Double inversion recovery (DIR) pre-pulses combined with ECG gating are often used [1] in black blood imaging. However, the inversion time is often too long. Also, the blood suppression is often insufficient in multi-slice studies. DANTE is a novel black-blood technique that has been shown to maintain SNR and CNR similar to single-slice DIR in ungated carotid artery studies [2] and is compatible with multi-slice acquisition. In this study, we combined DANTE pulses with gating and tested the performance for coronary wall imaging.


Experiments were performed on a Siemens 3T Tim Trio scanner with a 32 channel coil array. Four volunteers (age 26-29) were tested with a multi-slice spiral gradient echo sequence with ECG gating. The sequence consisted of a 5ms spectral-spatial excitation pulse followed by a 16ms constant density spiral readout gradient. FOV = 240-340mm, 14-20 interleaves, 3 slices, each with 5mm, inplane resolution 0.7-0.9mm. DANTE prepulses were placed before the imaging readout with spacing = 0.6ms and flip angle = 7. A similar sequence with double inversion pre-pulses was used for comparison.


As shown in Fig. 1, the blood suppression improved as the number of pulses (Np) increased from 200 to 600, but there was increasing attenuation of the wall signal. The best contrast between wall and lumen was achieved when = 400-500. There was good agreement between the measured and simulated blood suppression, as shown in Fig. 1(b). Fig.1(c) shows that the vessel wall signal experiences extra attenuation because of motion.

Figure 1
figure 1

(a) RCA wall images acquired with DANTE preparation, with number of pulses = 200, 300, 400, 500 and 600 and flip angle = 7. (b) Simulated and experimental signal attenuation of moving spin using the DANTE preparation. (c) Simulated and experimental signal attenuation of static spin using the DANTE preparation.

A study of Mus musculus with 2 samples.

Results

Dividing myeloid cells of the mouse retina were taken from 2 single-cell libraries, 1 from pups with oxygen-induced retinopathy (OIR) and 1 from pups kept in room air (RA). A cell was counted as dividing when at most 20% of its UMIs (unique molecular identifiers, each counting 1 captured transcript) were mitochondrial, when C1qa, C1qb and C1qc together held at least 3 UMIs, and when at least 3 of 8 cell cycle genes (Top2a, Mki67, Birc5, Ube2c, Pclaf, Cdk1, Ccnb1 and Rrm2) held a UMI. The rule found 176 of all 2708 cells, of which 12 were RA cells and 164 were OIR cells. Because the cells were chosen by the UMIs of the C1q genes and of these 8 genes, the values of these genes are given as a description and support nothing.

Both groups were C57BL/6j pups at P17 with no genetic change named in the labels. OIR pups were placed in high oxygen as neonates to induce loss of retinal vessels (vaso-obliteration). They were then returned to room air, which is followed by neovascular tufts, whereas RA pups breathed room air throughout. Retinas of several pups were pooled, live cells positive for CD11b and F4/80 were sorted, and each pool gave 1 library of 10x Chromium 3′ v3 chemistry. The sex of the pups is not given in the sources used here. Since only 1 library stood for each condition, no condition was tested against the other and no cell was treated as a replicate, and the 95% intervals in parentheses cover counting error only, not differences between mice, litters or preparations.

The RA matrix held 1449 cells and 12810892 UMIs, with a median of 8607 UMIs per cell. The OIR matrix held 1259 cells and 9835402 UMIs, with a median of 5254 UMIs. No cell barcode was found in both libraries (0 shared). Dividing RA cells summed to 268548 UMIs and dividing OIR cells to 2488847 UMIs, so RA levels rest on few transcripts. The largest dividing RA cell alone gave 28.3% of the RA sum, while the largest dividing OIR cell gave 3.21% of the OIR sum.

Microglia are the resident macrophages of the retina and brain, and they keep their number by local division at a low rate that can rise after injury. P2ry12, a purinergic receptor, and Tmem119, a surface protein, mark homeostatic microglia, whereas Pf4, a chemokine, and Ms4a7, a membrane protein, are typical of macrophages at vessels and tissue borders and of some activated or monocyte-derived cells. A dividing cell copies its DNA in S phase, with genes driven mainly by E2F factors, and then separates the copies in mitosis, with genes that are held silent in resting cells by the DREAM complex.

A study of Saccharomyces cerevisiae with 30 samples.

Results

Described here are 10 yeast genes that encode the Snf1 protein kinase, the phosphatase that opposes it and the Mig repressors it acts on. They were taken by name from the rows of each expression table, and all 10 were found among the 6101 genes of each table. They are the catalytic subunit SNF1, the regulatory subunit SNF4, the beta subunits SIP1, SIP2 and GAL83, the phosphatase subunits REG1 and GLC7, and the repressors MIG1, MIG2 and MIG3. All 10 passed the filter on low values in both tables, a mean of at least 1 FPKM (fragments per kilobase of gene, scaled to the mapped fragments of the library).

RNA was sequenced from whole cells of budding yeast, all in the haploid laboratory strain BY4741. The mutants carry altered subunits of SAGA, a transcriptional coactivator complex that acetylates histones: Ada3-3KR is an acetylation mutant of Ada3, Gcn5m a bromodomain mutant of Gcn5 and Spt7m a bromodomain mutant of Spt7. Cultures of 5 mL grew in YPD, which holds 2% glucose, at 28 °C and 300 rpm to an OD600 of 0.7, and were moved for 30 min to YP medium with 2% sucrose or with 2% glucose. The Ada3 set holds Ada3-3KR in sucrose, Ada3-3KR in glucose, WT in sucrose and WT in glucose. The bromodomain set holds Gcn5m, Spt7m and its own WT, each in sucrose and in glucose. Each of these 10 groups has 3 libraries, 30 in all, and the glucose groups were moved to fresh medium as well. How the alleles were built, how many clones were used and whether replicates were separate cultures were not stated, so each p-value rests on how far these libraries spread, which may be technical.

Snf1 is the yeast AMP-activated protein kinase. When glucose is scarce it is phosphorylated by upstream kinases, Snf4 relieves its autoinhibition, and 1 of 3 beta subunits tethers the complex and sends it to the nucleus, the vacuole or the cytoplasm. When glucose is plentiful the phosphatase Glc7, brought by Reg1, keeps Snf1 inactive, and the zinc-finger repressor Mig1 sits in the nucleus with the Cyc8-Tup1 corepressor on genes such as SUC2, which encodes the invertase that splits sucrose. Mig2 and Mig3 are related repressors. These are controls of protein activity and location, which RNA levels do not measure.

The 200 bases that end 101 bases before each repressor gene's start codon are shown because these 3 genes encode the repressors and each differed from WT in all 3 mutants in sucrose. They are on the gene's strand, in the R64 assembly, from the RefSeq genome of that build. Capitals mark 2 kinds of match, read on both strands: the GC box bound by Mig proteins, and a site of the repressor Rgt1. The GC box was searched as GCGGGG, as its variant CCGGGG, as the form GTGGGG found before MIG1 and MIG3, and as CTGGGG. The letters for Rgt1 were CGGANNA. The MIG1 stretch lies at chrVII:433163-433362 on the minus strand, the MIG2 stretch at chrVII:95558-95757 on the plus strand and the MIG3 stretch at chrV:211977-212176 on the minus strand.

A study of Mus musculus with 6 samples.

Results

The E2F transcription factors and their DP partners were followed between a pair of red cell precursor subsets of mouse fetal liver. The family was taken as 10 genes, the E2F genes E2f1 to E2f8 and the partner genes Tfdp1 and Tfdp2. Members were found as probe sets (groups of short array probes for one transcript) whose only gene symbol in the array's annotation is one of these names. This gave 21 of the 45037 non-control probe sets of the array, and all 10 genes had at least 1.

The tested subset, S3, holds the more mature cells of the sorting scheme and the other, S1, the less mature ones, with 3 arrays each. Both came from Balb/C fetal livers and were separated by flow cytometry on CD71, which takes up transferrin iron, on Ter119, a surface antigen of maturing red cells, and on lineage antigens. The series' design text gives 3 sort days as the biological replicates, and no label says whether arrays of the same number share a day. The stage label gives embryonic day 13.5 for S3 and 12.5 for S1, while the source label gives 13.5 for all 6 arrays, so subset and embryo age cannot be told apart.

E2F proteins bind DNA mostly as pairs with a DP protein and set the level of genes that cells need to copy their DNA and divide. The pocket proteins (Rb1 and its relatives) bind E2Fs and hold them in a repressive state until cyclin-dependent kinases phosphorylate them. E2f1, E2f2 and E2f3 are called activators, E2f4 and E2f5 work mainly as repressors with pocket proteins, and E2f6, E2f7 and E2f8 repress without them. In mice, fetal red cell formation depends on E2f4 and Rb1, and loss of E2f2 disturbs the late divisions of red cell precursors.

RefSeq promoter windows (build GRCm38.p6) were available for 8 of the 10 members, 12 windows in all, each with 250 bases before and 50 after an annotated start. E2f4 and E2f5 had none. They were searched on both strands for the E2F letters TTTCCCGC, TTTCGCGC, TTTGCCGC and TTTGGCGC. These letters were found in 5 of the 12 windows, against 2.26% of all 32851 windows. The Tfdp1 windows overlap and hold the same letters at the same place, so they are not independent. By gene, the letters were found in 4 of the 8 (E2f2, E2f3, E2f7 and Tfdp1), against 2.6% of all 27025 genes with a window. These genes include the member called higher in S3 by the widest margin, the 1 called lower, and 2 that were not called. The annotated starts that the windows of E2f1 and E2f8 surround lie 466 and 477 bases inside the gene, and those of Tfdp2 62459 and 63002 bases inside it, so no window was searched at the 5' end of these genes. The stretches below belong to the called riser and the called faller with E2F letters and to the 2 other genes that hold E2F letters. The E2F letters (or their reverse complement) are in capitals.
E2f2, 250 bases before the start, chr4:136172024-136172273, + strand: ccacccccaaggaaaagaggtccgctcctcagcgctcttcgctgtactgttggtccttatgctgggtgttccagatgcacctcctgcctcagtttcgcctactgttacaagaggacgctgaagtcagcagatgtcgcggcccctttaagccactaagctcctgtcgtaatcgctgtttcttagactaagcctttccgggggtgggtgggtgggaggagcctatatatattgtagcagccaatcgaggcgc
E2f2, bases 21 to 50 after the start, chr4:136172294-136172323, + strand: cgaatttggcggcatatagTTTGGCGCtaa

For some subjects, the rest period occurred before mid-diastole, which left unsuppressed blood when using DIR, as shown in Fig. 2(a). Figure 2(b) shows the result using DIR with a longer inversion time. The image has better blood suppression, but the coronary wall is severely blurred by motion of the RCA. As shown in Fig. 2(c), DANTE pulses enable a better balance between nulling blood and reducing motion blur.

Figure 2
figure 2

Cross-sectional view of RCA with (a) DIR, short TI (b) DIR, long TI and (c) DANTE.

The mean SNR and CNR of the coronary wall was 14.9+/-3.8 and 5.5+/-3.1 for images with DANTE pulses, and 16.7+/-3.7 and 5.1+/-3.0 for DIR prepared images. DIR achieved a slightly higher SNR but lower CNR because of unsuppressed blood induced by the short TI (p<0.05).


We have developed a cardiac-gated DANTE black blood technique for coronary artery imaging. DANTE pulses give comparable SNR to double inversion recovery, but with more flexible imaging. This method can be adapted for other black blood cardiac applications.


This study was funded by NIH R01 HL079110 and Siemens Medical Solutions.